Energy National Policy Statements (NPSs ) have been slammed as “incoherent”, “amazingly complicated”, “badly written” and wide open to judicial review by a leading energy expert last week.

Oxford University professor of energy policy Dieter Helm said the new system of NPSs that will inform the Infrastructure Planning Commission (IPC) was too complex and a shake-up of the existing planning system would have been more effective.

“The idea here is an extremely good and clear one − that government will have an energy policy, but this is only as good as it is consistent, coherent, clear and deliverable,” Helm told the Energy and Climate Change Committee of MPs.

Instead, the energy NPSs are “incoherent, badly written and some of the English is simply wrong”, he said.

“The energy NPSs are incoherent, badly written and some of the English is simply wrong.”

Helm added that as legal documents, the minimum requirement should have been that statements were consistent. Instead, a separate policy had been developed for each technology, he said.

“We have a Renewable Obligation for renewables, but not for nuclear or carbon capture and storage (CCS). We have a CCS levy in the [draft Energy] Bill but no carbon tax in respect to nuclear or renewables.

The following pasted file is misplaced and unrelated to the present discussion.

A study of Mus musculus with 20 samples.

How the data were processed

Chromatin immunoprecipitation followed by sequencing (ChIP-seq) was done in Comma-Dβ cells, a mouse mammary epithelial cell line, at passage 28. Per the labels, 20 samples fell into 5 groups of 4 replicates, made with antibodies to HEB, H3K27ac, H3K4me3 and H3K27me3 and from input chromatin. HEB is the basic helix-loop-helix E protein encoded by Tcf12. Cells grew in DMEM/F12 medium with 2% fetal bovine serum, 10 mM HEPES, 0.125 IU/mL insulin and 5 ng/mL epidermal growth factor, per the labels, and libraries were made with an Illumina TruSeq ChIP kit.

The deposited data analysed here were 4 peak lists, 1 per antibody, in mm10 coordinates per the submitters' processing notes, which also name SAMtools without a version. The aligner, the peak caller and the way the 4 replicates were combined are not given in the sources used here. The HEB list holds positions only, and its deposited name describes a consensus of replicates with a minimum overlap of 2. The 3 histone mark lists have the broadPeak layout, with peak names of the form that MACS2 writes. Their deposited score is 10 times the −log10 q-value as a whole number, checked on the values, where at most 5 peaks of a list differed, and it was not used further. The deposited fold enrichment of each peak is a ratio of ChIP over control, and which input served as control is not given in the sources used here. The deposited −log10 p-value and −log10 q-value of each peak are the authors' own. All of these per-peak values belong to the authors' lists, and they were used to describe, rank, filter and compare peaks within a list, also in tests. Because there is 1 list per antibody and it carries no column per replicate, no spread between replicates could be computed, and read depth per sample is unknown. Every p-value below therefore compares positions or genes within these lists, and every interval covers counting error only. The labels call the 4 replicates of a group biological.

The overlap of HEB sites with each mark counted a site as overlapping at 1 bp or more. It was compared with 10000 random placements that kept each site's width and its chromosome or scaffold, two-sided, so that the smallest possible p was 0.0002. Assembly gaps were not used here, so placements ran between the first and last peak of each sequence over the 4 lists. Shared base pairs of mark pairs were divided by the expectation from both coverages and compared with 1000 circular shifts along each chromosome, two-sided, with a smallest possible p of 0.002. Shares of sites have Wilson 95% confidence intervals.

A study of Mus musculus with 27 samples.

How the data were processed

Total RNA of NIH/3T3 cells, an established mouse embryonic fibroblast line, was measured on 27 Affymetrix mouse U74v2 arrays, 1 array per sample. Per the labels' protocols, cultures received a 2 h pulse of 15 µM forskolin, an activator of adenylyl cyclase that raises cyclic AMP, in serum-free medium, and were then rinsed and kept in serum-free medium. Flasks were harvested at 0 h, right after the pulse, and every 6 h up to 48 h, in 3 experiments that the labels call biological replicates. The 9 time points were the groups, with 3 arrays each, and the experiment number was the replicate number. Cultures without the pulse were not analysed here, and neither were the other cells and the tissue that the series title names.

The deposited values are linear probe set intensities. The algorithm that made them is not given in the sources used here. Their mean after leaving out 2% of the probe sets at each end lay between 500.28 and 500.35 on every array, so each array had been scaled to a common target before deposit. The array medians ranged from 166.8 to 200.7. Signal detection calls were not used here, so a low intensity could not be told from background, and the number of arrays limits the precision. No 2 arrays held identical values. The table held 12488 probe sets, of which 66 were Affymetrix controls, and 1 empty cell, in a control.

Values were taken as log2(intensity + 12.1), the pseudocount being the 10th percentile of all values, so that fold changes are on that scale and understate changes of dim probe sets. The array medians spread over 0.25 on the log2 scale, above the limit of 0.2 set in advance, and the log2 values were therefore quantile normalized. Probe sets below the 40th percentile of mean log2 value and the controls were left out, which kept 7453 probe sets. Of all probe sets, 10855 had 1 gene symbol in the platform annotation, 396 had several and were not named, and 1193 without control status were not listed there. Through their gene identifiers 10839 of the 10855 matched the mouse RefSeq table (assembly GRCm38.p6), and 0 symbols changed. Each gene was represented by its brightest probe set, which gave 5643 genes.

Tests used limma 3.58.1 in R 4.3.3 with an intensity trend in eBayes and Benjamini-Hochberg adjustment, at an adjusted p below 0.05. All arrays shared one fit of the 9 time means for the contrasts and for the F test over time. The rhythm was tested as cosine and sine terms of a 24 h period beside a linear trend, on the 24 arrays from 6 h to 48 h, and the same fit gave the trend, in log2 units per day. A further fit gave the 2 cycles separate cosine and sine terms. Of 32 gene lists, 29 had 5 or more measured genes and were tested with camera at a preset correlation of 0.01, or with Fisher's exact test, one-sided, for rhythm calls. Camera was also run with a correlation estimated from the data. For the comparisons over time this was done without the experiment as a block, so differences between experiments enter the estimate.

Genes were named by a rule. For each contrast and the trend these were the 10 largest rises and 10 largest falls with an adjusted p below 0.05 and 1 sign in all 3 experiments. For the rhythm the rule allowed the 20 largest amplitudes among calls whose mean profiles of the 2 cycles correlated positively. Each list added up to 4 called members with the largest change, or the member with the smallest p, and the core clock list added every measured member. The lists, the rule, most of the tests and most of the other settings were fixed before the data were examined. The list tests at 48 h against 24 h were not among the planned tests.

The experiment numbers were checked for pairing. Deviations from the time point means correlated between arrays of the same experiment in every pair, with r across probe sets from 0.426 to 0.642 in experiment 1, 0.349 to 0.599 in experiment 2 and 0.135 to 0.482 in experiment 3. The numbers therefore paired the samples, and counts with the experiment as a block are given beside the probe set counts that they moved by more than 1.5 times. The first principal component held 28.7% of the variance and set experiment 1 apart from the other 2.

“This opens the thing wide open to the possibility that it does not add up, which in my view it doesn’t,” he said.

Helm said the entire NPS approach was overly complicated and that a much simpler alternative could be to fast-track the whole planning system.

“You could have implemented a guillotine on the existing regime. There is nothing in this regime which in itself is required to speed up the process,” he said.

“We have a Renewable Obligation for renewables, but not for nuclear or carbon capture and storage”

He proposed an alternative regime to solve the problems of both planning and CO2 emissions at a stroke. “I would have a common low-carbon obligation,” he said, to avoid preferences for a particular technology.

Helm said this would do away with the “incredibly complicated” structure that has been formed with the NPSs.

He added that NPSs do not have a democratic endorsement, and can be withdrawn at any time. This uncertainty could discourage investment.

Helm also warned that the NPSs would be too easily changed by government ministers.

“It would not surprise me if these documents are changed quickly and regularly,” he said.

Readers' comments (1)

  • If these concerns are well-founded the consequences for development of our energy infrastructure could be very significant.
    Can NCE investigate further, by talking to policy-makers, developers and planners about the issues raised?